The past few weeks have shown signs of a positive turn in the housing market. There has been a strong rebound in consumer sentiment, and outside of Melbourne, auction clearance rates and volumes are rising

More recently, CoreLogic listings data has shown that in some cities, vendors are also more willing to test the market by listing their property for sale. Across the capital cities, ‘new’ listings, which are properties freshly added to the market over a period, increased 0.7% in the four weeks to the 20th of September. 

This was driven by a particularly strong jump in new listings across Sydney, up by 382 listings over the period, followed by Perth, where new listings increased by 286.

The charts below show the rolling count in new listings at the combined capital city level over the past few years, and a capital city breakdown of the four-week change in new listings counts.

The combined capital cities chart shows a subdued start to the spring selling season, which is now gradually gathering pace. However, new listings volumes are still down 35% on the previous four-year average. 

The capital city breakdown reveals Sydney and Perth as leading the new listings volume, while new listings across Melbourne fell by 935 listings. While this is a large drop in new listings, the decline has eased from the previous four week period, where the count of new listings fell by 2,976 in the four weeks to August 23rd. 

All but two of the capital cities recorded an increase in listings. This signifies that vendors may be more confident in selling their property. The exceptions were Melbourne, where transaction activity is understandably constrained by stage 4 restrictions, and Darwin, where listing numbers are generally lower and more volatile.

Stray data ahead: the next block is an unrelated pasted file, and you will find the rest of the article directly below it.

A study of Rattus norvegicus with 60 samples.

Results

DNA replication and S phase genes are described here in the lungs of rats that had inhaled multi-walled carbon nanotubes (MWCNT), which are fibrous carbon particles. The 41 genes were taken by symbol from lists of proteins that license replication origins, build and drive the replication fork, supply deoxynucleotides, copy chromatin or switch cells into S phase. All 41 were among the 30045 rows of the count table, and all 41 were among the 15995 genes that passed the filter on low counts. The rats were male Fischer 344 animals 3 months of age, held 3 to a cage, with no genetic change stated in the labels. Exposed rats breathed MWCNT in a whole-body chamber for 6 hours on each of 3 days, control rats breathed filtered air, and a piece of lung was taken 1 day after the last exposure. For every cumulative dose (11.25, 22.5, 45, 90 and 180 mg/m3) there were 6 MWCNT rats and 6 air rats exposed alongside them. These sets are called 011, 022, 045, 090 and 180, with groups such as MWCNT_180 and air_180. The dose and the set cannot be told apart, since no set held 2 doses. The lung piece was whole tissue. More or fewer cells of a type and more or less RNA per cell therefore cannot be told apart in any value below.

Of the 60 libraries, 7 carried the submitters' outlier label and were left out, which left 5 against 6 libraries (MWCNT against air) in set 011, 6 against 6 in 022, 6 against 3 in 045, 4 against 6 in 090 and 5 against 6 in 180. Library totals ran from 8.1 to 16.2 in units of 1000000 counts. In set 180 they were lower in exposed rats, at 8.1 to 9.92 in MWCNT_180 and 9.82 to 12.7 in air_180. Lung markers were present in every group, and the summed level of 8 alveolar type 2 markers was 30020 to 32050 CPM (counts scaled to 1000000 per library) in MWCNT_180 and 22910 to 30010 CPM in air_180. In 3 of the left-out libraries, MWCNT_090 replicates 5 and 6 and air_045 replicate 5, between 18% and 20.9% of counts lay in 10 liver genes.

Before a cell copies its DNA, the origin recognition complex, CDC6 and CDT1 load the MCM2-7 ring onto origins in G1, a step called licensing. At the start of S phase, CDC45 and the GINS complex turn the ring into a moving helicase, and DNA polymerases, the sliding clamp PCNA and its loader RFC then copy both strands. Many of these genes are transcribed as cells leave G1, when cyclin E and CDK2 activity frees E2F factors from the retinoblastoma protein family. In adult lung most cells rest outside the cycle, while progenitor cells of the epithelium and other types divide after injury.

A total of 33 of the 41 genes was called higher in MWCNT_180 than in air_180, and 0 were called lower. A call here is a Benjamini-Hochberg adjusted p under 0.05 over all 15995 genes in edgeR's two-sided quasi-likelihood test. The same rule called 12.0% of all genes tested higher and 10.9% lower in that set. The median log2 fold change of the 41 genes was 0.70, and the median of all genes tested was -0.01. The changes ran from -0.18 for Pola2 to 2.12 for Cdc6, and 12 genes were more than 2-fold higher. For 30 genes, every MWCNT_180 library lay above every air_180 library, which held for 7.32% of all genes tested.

CoreLogic valuation data suggests that there is so far little indication that these increases in listings may be a result of distressed sales. 

Potential in the Perth market

While transaction activity is gradually improving across the country, Perth stands out as a market primed for recovery. For the four weeks ending 20th of September, Perth and regional WA were the only dwelling markets where new listings volumes exceeded the numbers in the equivalent four week period of the previous year.  

Listings is not the only transaction data suggesting more confidence in the Perth dwelling market. This is shown in the chart below, which capered capital city sales numbers in August, with a 6-month average of pre-COVID sales volumes. Perth is the only capital city where sales numbers where above the pre-COVID average. 


These higher levels of transaction activity are also showing up in mild value increases across the Perth dwelling market. In the 28-days to September 23rd, the Perth home value index increased 0.6%. 

While a positive turn in Perth dwellings may be surprising during a recession, the WA economy has been supported by a 4.8% increase in mining investment over the year. ABS payroll data suggests since the start of the pandemic, payroll jobs across WA fell less than 1%, compared with national declines of 4.5%. 

Perth dwelling values are also relatively affordable, sitting 22.2% below the record dwelling value in June 2014, and there is a strong mix of state and federal first home buyer incentives in place, which may be encouraging demand as well. 

A consistent upswing in Perth property values will depend on the resilience of the market through the end of mortgage repayment deferrals, whether there are further reductions in the cash rate, and how successfully COVID-19 can be contained.